The Raising of Jairus’ Daughterpl
William Blake (1757-1827)
A note: I wrote this piece before the tragic shooting in Las Vegas several nights ago. So while it’s not a response to that horrible event, the question I believe must have been in the mind of Jairus’ daughter as she lived through her life is a question we all share. And it’s a question that becomes more urgent after a tragedy like that in Las Vegas. The question is simply “what is the meaning of life?” What is the meaning of life for those who were killed or wounded in Las Vegas? What is the meaning of my life? Of your life? So I offer this piece in quiet memory of those who were killed and trust that it will offer hope to their loved ones and to all of us who grieve with them.
Now when Jesus returned, the crowd welcomed him, for they were all waiting for him. Just then there came a man named Jairus, a leader of the synagogue. He fell at Jesus’ feet and begged him to come to his house, for he had an only daughter, about twelve years old, who was dying…While he was still speaking, someone came from the leader’s house to say, ‘Your daughter is dead; do not trouble the teacher any longer.’ When Jesus heard this, he replied, ‘Do not fear. Only believe, and she will be saved.’ When he came to the house, he did not allow anyone to enter with him, except Peter, John, and James, and the child’s father and mother. They were all weeping and wailing for her; but he said, ‘Do not weep; for she is not dead but sleeping.’ And they laughed at him, knowing that she was dead. But he took her by the hand and called out, ‘Child, get up!’ Her spirit returned, and she got up at once. Then he directed them to give her something to eat. Her parents were astounded; but he ordered them to tell no one what had happened. (Luke 8:40-56, selected verses)
I’ve often wondered. Whatever happened to this unnamed girl whom Jesus raised from death when she was but 12 years old? We never hear of her again in any of the gospels or in the story of the early church, so I suspect her life was probably quite ordinary. But ordinary as it may have been, I suspect that it may not have been either a very easy or a very comfortable life.
I imagine that many of the people of her village were eager to name her as their village saint, and I suspect that with such elevation came many high expectations of how she should live her life and of what she might be able to do for them. Some perhaps even now and then gingerly tried to touch the hem of her robe in hopes that something of the power that had brought her back to life would rub off on them.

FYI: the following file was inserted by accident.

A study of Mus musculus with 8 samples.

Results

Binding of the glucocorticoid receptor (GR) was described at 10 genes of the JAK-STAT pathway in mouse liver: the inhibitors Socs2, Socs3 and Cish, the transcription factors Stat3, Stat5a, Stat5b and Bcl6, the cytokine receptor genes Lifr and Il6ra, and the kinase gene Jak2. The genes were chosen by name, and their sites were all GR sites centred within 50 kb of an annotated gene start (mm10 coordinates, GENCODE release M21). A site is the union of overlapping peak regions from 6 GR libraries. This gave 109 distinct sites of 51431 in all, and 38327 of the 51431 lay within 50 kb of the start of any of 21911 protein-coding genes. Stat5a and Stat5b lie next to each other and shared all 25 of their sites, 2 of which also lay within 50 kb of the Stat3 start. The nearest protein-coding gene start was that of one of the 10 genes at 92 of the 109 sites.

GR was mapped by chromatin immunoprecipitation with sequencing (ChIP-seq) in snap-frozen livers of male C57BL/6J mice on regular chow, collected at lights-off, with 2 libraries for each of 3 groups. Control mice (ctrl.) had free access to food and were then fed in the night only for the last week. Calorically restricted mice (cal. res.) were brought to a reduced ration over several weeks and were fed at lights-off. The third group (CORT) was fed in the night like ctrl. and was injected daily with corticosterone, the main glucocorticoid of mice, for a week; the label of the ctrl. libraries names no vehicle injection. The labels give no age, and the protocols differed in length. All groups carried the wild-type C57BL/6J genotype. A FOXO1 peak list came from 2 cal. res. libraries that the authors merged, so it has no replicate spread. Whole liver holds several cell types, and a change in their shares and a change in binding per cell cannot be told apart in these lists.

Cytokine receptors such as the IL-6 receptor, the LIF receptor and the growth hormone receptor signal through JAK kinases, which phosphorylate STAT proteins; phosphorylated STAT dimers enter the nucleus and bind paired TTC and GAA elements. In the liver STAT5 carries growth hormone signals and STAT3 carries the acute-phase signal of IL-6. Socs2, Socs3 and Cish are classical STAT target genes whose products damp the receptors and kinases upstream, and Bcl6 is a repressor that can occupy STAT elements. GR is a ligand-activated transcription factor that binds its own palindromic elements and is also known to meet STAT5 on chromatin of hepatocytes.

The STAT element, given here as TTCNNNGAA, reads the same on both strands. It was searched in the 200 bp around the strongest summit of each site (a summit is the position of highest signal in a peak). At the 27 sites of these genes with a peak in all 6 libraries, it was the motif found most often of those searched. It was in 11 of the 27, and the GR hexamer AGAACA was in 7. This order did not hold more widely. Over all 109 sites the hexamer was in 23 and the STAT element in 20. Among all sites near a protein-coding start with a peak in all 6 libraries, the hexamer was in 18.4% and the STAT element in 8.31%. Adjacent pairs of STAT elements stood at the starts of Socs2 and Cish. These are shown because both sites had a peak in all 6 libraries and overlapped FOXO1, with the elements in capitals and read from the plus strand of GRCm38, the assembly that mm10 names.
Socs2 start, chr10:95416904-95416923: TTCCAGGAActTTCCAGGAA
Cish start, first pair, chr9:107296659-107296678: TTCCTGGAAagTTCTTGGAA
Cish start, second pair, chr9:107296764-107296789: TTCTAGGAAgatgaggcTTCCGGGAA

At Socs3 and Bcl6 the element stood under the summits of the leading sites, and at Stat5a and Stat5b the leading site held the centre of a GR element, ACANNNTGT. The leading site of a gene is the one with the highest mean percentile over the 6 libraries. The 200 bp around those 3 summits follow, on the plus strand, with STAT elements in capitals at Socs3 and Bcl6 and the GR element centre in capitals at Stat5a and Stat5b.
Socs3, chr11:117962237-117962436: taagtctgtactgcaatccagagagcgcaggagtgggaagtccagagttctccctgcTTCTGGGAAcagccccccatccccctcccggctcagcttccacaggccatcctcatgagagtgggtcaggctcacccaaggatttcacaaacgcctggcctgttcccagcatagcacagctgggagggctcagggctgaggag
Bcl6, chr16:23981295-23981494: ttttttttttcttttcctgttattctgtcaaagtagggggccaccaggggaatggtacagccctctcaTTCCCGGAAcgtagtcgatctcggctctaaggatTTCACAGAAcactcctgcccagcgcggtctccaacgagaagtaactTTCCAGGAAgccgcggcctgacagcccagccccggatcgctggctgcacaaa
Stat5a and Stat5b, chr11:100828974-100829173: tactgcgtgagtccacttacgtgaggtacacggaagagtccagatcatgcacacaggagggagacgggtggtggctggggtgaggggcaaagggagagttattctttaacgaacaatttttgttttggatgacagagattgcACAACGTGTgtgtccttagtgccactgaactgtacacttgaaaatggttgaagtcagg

And then I’m sure there were others who did not see her as a saint at all. They saw her only as a reminder that the Miracle Worker hadn’t chosen to save their loved ones, and they were angry and jealous of her. Was she so much better than their sons and daughters who had been left to die? Why had she alone been brought back from the dead? They wanted to have nothing to do with her.
Not easy! But through all of this, I hope she had her moments of joy. I suspect she did, but I’m also quite certain that, like all of us, she also experienced difficult times of personal illness and loss. And I can’t help but wonder if during some of these times she may have wished that Jesus had just let her be. What, after all, was the meaning of her life? Why had she been brought back to life when others had not been? What did it all mean?
“I simply don’t know,” I imagine her thinking often to herself. “I don’t know why I was given a second chance at life when I was 12 years old. I don’t know if God expects something extraordinary from me. I know many fellow villagers expect something extraordinary from me. Think I ought to be perfect, think I ought to be able to perform miracles for them, save their children, whatever. And my father, God rest his soul, I know he certainly expected my life to be extraordinary. I don’t know the specifics of his hopes, but I often saw the gleam in his eye when he would look so tenderly at me in my teens and early twenties and whisper those words the Master had spoken to me as I lay deathly cold and still, ‘Child, get up!’
“Lots of expectations. But do I expect an extraordinary life for myself? Sometimes I have hoped I would accomplish something very special in my life, but I haven’t, and much of the time I simply go about my daily tasks. What I do know is that those words, ‘Child, get up’ left a permanent scar on my soul. A positive scar. A profoundly deep sense that my life, tiny and ordinary as it is, is a life treasured and valued. That my life matters to God and to the Master who spoke those words to my lifeless self. I’ve heard that some are saying that Master was actually God wrapped in our human flesh. I don’t understand about all of that, but I do know that God was with him. That in that moment, God scarred my soul with a searing love.”
Theologian Emil Brunner in The Christian Doctrine of God writes of God regarding each of us “from all eternity, with the gaze of everlasting love.” An eternal gaze, he says, that gives to each of us a sense of “eternal meaning,” a sense of “eternal dignity.”
Maybe something like that is what Jairus’ daughter felt. That gaze of everlasting love focused on her. That gaze of divine love infusing her days with a sense of extraordinary meaning and dignity, ordinary as they might have been.
I wish we knew more of her story. But perhaps we know enough, just enough, to help us ponder our own lives, our own stories. Just enough to help us realize anew that our tiny lives, too, are steeped in that loving gaze of the God who has looked upon us from all eternity. Just enough to hear the voice of that God calling to us in every moment of our lives, “Child, get up.”